The partnership is exploring how to design more flexible and comprehensive vision software capable of quickly detecting faults in food packaging and products on the production line.
The 'Trainable Vision-Based Anomaly Detection and Diagnosis' project is part-funded by the UK's Technology Strategy Board and also supported by the Agriculture and Horticulture Development Board.
"Branston is supporting this project as it will greatly enhance the capacity of current systems to give feedback on the root-causes of differences in quality," said Vidyanath Gururajan, IT and projects director for Branston.
"We also recognise the value of monitoring bag sealing to minimise defects as poor seals cause rejection and generate waste."
Dr Tom Duckett, from Lincoln University's School of Computer Science, is leading the research to create new multi-purpose imaging technology that can easily be set up and applied to a variety of inspection tasks. He is also a reader and director of the Lincoln Centre for Autonomous Systems Research.
"Industrial machine vision applications are limited because of their specificity, so once you have set up the software for one product and process it doesn't really work for anything else," said Duckett.
"We are trying to make an application that is much easier to establish and more flexible to detect a variety of issues in food products and packaging."
'Commercialise the software'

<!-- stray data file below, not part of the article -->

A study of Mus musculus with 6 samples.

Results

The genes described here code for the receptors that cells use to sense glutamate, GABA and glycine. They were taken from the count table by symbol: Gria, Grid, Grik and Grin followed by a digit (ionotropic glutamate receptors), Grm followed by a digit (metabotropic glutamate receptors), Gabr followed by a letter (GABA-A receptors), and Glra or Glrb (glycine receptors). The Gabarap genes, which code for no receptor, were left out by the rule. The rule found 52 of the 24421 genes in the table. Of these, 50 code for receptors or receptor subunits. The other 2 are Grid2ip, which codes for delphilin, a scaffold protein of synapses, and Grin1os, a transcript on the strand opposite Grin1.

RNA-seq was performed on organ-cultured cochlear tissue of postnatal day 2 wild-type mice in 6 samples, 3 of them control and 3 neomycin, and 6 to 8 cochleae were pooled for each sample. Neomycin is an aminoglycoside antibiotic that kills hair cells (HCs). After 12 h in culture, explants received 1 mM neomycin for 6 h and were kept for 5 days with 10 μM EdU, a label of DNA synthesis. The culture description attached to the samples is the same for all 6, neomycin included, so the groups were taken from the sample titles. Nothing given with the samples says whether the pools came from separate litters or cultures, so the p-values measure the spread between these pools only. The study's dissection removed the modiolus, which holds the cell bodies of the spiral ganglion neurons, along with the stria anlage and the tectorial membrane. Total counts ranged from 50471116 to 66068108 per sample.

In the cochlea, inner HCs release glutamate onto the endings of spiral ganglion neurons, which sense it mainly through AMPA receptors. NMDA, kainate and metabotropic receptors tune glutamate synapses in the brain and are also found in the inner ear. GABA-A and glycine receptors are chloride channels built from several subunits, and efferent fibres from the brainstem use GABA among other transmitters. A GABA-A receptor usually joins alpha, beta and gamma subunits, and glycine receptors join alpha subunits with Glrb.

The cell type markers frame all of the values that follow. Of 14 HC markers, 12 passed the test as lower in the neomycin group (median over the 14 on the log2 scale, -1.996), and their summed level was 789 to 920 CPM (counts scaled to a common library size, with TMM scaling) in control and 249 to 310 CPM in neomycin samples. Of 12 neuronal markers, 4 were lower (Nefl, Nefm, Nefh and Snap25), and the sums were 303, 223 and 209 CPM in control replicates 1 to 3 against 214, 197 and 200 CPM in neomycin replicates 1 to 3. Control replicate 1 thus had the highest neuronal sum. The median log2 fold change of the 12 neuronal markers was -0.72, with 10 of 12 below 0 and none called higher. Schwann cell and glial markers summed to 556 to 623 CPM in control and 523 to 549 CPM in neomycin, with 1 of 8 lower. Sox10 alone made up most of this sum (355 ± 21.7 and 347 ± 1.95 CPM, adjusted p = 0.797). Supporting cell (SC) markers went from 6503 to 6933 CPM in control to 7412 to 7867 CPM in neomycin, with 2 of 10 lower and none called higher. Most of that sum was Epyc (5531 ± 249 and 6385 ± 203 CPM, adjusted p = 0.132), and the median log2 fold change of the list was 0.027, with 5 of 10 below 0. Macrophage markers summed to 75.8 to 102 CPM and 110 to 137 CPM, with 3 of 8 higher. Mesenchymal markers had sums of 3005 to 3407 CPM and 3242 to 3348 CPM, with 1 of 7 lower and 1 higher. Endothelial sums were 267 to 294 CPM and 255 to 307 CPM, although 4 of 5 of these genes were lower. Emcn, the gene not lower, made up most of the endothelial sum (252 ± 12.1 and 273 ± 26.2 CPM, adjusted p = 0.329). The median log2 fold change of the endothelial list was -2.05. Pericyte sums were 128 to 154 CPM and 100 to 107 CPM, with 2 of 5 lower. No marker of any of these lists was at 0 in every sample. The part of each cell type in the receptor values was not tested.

The initiative is focusing on monitoring packaging seal integrity and applying the technology for this task in other ways, such as checking the right amount of food is in the right place, he said. "The aim is that Ishida will want to commercialise the software as part of its product range."
Ishida aims to work closely with the university to create the next generation of quality control systems for the food industry through the project, which is scheduled to run until October 2015.
The company said the system under development would also be more compact, resulting in more economic use of factory space.
"There will be increased assurance for customer health and safety through enhanced product quality and increased efficiencies in food production will lead to reduction in waste going to landfill," said Gary Tufnell of Ishida Europe.
Two previous pieces of research
The project builds on two previous pieces of research carried out by the University of Lincoln. The first resulted in a prototype computer vision system that can identify sub-standard potatoes. The second looked at using laser scatter imaging for detecting faults in the heat seals of food packaging.
Duckett added: "It's a case of bringing all the previous research together to create a versatile and flexible imaging technology, which is unavailable today. The current systems require manual calibration and have limited accuracy ...
"... This system will be more consistent and reliable. It should also lead to less food waste as manufacturers can detect problems earlier in the production cycle, which in turn will also lead to safer food and make the whole process much more efficient."